Obama's Middle East Policy: The Big Lie (I)

The revelations resulting from the publication of U.S. State Department documents by WikiLeaks as they pertain to the Middle East have proven an eye opener. Although some of what was disclosed by WikiLeaks has already been hinted at here, WikiLeaks has provided the hard evidence.

Among those leaders from the region with egg smeared all over their faces is Turkey's Prime Minister Erdoğan. As reported by Hürriyet Daily News, there have been allegations of eight secret bank accounts in Switzerland:

"Prime Minister Recep Tayyip Erdoğan’s financial assets and the way he made 'his fortune' were the subjects of two of the cables sent by the U.S. Embassy in Ankara, documents leaked as part of a release late Sunday by the whistle-blowing website WikiLeaks.

'We have heard from two contacts that Erdoğan has eight accounts in Swiss banks; his explanations that his wealth comes from the wedding presents guests gave his son and that a Turkish businessman is paying the educational expenses of all four Erdoğan children in the U.S. purely altruistically are lame,' Eric Edelman, a former U.S. ambassador to Turkey, wrote in a cable sent to Washington on Dec. 30, 2004.

Edelman, who has been outspoken in his criticism of Turkey’s ruling Justice and Development Party, or AKP, argued that the widespread corruption would be an important factor that could degrade Erdoğan’s ability to run the country.

In a separate cable sent in July 2004, Edelman claimed that 'an anonymous source told [him] that Erdoğan and [the source] benefited directly from the award of the Tüpraş privatization to a consortium including a Russian partner.'”

If this is not enough, according to Der Spiegel the cables leaked by WikiLeaks warn of the tendencies and dependability of Ankara's policy makers:

"US diplomats have grave doubts about Turkey's dependability. Secret or confidential cables from the US Embassy in Ankara describe Islamist tendencies in the government of Prime Minister Recep Tayyip Erdogan.

The US diplomats' verdict on the NATO partner with the second biggest army in the alliance is devastating. The Turkish leadership is depicted as divided, and Erdogan's advisers, as well as Foreign Minister Ahmet Davutoglu, are portrayed as having little understanding of politics beyond Ankara.

The Americans are also worried about Davutoglu's alleged neo-Ottoman visions. US diplomats quote one high-ranking government adviser as saying that Davutoglu would use his Islamist influence on Erdogan, describing him as 'exceptionally dangerous.' According to the US document, another adviser to the ruling AKP party remarked, probably ironically, that Turkey wanted 'to take back Andalusia and avenge the defeat at the siege of Vienna in 1683.'

The US diplomats write that many leading figures in the AKP were members of a Muslim fraternity and that Erdogan had appointed Islamist bankers to influential positions. He gets his information almost exclusively from newspapers with close links to Islamists, they reported. The prime minister, the cables continue, has surrounded himself with an 'iron ring of sycophantic (but contemptuous) advisors' and presents himself as the 'Tribune of Anatolia.'",1518,731590,00.html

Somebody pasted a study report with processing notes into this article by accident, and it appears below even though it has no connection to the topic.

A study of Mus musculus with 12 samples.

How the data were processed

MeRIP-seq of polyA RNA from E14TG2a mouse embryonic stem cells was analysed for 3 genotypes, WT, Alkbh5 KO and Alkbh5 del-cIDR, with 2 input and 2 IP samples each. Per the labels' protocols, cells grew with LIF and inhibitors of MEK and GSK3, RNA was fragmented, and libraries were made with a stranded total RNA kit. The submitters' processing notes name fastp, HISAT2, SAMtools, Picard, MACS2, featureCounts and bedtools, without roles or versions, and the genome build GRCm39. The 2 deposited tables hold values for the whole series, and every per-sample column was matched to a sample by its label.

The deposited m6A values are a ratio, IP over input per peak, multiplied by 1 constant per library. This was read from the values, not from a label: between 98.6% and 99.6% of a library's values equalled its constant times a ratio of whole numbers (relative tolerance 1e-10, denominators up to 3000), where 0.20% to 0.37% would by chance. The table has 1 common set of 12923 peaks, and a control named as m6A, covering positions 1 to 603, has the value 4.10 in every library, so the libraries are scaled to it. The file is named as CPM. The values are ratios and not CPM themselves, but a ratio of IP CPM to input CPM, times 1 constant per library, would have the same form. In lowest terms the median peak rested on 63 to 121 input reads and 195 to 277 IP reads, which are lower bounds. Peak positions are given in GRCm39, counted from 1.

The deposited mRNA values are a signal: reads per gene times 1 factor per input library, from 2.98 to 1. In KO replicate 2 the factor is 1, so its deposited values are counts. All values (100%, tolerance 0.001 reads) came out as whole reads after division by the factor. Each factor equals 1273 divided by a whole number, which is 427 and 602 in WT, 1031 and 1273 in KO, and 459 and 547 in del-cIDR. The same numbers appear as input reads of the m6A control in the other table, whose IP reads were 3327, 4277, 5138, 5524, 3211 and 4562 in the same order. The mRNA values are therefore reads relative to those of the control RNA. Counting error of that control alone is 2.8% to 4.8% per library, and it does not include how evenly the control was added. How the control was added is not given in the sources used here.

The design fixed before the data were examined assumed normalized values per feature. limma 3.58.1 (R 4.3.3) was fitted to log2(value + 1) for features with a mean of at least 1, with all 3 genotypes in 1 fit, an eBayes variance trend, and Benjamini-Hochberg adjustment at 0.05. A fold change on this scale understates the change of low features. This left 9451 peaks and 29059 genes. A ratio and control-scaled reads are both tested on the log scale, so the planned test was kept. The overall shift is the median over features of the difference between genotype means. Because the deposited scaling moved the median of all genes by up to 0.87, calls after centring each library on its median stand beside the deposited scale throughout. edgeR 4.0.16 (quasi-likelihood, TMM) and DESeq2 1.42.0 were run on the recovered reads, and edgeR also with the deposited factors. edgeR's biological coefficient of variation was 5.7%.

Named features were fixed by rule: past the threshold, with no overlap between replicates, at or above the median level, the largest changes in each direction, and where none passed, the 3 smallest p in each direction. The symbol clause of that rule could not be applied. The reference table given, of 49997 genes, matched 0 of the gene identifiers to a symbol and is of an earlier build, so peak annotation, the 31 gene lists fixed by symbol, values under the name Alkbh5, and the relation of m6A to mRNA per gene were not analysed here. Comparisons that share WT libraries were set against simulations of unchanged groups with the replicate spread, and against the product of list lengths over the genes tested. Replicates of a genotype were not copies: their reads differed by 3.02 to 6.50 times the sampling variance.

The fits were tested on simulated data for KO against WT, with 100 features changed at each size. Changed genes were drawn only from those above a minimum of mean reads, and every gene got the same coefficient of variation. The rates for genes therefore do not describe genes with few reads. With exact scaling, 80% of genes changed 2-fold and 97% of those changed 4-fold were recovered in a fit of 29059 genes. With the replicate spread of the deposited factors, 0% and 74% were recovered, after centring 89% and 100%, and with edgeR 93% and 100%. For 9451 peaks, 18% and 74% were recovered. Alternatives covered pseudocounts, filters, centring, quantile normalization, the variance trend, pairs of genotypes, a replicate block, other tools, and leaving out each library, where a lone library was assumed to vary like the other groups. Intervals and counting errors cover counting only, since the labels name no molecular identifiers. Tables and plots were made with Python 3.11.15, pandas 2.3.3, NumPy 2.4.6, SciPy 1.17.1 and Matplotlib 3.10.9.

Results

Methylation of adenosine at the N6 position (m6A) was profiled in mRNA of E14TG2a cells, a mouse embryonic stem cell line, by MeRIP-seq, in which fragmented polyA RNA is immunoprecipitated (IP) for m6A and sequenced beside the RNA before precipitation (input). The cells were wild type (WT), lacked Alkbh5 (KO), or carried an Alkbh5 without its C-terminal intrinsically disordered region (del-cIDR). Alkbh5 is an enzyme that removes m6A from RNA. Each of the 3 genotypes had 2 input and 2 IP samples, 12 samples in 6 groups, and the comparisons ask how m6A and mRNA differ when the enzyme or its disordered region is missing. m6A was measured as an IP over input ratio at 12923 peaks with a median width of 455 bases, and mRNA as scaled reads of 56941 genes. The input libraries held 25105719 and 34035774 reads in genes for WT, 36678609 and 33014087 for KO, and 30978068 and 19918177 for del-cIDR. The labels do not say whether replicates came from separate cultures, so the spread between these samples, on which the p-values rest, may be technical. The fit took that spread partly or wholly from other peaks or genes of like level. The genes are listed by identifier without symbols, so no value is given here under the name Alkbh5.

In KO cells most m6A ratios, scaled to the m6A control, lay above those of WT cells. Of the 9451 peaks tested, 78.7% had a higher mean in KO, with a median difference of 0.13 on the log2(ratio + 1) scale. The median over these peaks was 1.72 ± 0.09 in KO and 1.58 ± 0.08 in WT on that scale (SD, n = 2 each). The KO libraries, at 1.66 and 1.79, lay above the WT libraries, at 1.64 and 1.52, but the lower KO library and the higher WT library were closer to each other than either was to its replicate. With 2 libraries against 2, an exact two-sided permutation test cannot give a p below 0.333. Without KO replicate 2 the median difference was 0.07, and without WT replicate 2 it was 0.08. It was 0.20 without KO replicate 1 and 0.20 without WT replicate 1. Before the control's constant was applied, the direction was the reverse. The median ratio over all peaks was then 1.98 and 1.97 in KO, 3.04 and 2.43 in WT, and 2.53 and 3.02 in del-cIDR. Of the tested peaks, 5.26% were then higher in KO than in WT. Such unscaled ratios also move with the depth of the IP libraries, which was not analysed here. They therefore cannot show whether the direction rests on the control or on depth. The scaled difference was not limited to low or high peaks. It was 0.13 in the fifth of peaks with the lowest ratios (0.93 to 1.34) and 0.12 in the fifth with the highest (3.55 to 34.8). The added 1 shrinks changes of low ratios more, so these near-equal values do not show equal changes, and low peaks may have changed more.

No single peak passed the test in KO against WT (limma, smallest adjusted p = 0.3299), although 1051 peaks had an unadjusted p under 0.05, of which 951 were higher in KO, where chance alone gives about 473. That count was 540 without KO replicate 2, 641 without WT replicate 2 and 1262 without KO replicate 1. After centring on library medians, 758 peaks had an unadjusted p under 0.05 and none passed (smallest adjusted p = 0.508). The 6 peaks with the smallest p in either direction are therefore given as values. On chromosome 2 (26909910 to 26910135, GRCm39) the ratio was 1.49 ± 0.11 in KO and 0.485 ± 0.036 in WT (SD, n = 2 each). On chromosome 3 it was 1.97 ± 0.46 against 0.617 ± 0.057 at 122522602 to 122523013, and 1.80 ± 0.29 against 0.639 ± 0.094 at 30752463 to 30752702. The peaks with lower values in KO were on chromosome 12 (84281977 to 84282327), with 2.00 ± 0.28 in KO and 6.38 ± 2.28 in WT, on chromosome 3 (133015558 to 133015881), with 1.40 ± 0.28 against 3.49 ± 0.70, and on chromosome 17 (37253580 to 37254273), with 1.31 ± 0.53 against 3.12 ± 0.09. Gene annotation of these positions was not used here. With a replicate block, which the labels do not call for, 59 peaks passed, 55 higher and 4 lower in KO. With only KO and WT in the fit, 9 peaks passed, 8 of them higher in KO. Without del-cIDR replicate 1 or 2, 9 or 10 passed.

In short, with friends like Turkey, who needs enemies, but this didn't stop Obama from embracing his friend Erdoğan at the recent G-20 summit in Seoul (observe the picture in Der Spiegel).

Note the special warmth that Obama reserves for the likes of Erdoğan, Chavez ( and Qaddafi ( You will never see him in a picture hugging with Netanyahu, although you will see him bowing to King Abdullah of Saudi Arabia (

Erdoğan's response to the WikiLeaks disclosures? You guessed it: Blame it on Israel:

"Israel could have engineered the release of hundreds of thousands of confidential documents on WikiLeaks as a plot to corner Turkey on both domestic and foreign policy, according to a senior ruling party official.

'One has to look at which countries are pleased with these. Israel is very pleased. Israel has been making statements for days, even before the release of these documents,' Hüseyin Çelik, deputy leader of the Justice and Development Party, or AKP, and the party’s spokesperson, told reporters at a press conference Wednesday.

. . . .

Though government officials like Deputy Prime Minister Cemil Çiçek avoided naming Israel in their public statements Wednesday, Çelik, a close aide to Prime Minister Recep Tayyip Erdoğan, singled out the country with his comments Wednesday.

'Documents were released and they immediately said, ‘Israel will not suffer from this.’ How did they know that?' Çelik said.

Turkey and Israel have had bitter relations since the flotilla crisis, in which Israeli commandos killed eight Turkish and one American-Turkish citizen. 'Turkey, with its efficiency and foreign policy, has treaded on someone’s fields. The prime minister is known as a dominant leader not only in Turkey but also in the world,' Çelik told reporters.

Yasin Doğan, a columnist for the pro-government Yeni Şafak newspaper, also named the Israeli lobby in the U.S. as the source of the cable leaks. 'Some people from the U.S. want to drive the [Barack] Obama administration in a different direction. They also want to adjust the relations of many governments with the U.S.,' he said in his article Wednesday. Doğan is the penname of Yasin Akdoğan, who is one of Erdoğan’s political advisors."

Obama wants to cuddle with a vain, self-serving Erdoğan, who is creating a special relationship with the Islamic Republic of Iran while steering Turkey away from the West? The U.S is headed for an iceberg.